How much and what do Golden Retrievers actually remember?

Have you ever wondered how much Golden Retrievers remember? Or whether your dog remembers all the special moments you’ve shared. Like the first time, you saw him or her and fell in love.

Dogs seem to have an uncanny memory for where they left their favorite toy, or when it is time for dinner. We have heard stories of lost pets finding their way home to their families through unfamiliar territories. Do these incidents prove that dogs have long and short term memory like humans? Well not exactly. While dogs do remember things, it’s a bit differently than the way humans do.

So, How Much Do Golden Retrievers Remember?

Episodic memory

Goldens are able to recall some personal events and specific moments, like where their toy is. The term for this type of memory is “episodic memory”. There is still an ongoing debate whether dogs really possess this type of memory. Episodic memory theory states that dogs remember who and what happened, but not the precise time it was done. This would indicate that dogs could have the ability to think about themselves. It’s difficult to confirm because as much as we want to think our dogs can clearly communicate with us, they really can’t.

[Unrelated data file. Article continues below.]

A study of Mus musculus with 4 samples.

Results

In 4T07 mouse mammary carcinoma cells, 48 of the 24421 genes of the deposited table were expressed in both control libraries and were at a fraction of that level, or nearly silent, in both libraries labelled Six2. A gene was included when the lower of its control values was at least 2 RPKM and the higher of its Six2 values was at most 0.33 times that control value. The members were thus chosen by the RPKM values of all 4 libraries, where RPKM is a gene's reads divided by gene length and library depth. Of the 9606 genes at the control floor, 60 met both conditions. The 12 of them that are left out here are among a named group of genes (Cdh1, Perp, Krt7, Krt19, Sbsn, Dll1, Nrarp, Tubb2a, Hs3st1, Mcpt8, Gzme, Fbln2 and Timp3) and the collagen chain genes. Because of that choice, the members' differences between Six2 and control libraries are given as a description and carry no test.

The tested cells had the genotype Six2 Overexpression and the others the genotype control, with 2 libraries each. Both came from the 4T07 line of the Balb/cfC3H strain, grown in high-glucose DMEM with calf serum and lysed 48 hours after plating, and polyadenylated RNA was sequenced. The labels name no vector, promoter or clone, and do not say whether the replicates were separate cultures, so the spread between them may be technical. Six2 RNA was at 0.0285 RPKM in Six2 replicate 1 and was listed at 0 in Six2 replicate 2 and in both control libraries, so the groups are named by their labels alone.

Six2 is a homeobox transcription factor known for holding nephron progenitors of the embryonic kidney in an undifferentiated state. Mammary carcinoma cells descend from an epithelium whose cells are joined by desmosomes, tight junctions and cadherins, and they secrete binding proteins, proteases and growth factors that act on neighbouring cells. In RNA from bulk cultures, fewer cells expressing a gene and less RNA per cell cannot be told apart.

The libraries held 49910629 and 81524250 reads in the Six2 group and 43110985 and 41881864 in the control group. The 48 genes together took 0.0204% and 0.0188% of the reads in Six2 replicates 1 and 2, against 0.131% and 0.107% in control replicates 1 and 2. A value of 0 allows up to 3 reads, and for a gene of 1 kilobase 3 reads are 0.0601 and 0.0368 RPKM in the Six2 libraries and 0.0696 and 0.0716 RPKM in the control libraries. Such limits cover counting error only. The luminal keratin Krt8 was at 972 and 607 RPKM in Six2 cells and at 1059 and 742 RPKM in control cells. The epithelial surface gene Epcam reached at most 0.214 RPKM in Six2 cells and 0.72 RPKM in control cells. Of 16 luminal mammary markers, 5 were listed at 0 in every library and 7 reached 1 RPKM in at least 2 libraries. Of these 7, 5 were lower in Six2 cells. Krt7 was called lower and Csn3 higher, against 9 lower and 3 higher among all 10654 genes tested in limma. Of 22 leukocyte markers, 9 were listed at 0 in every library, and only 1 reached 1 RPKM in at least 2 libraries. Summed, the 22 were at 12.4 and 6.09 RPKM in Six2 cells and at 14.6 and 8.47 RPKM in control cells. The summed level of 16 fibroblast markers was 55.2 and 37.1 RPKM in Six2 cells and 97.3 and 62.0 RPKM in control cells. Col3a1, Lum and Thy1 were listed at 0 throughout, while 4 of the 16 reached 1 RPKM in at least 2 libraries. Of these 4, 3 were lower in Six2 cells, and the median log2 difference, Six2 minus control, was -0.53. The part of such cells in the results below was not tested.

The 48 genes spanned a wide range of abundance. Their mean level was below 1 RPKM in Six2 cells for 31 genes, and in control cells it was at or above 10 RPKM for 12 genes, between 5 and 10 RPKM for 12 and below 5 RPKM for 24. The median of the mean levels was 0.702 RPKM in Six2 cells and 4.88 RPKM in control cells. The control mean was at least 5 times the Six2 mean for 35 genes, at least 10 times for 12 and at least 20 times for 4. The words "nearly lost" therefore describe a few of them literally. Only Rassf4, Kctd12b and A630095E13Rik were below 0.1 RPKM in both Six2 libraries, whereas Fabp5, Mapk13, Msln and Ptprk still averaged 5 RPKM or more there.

But do dogs have a memory or not?

 In a 2017 study, researchers looked at whether dogs could recall things that weren’t strictly necessary for survival, or someone else’s actions. Researchers requested 17 pet parents teach their dogs a trick called “do as I do.” These dogs learned that after watching their owner jump in the air, they should do the same when commanded to “do it!” 

The lead researcher, Claudia Fugazza, an ethologist at Eötvös Loránd University in Budapest, stated, “that alone doesn’t prove episodic-like memory. You have to test them when they don’t expect it.” During the next round of training, pet parents taught dogs to lie down after watching them do something like touching an open umbrella or stepping up on a chair. This portion of the study did not require the dogs to imitate their owners.

In the final portion of the testing, they surprised the dogs. The pet parents would perform an action, but then after the dog laid down, the owner would command, “Do it!” These dogs were expected to recall what they had seen the owner do 1 minute and 1 hour after watching them. The dogs succeeded in 33 of 35 trials.

These research findings suggests that dogs have something similar to episodic memory. So we can say that you and your dog really do make memories together, some that you will hold for a lifetime and others that your pup will retain in his own special way.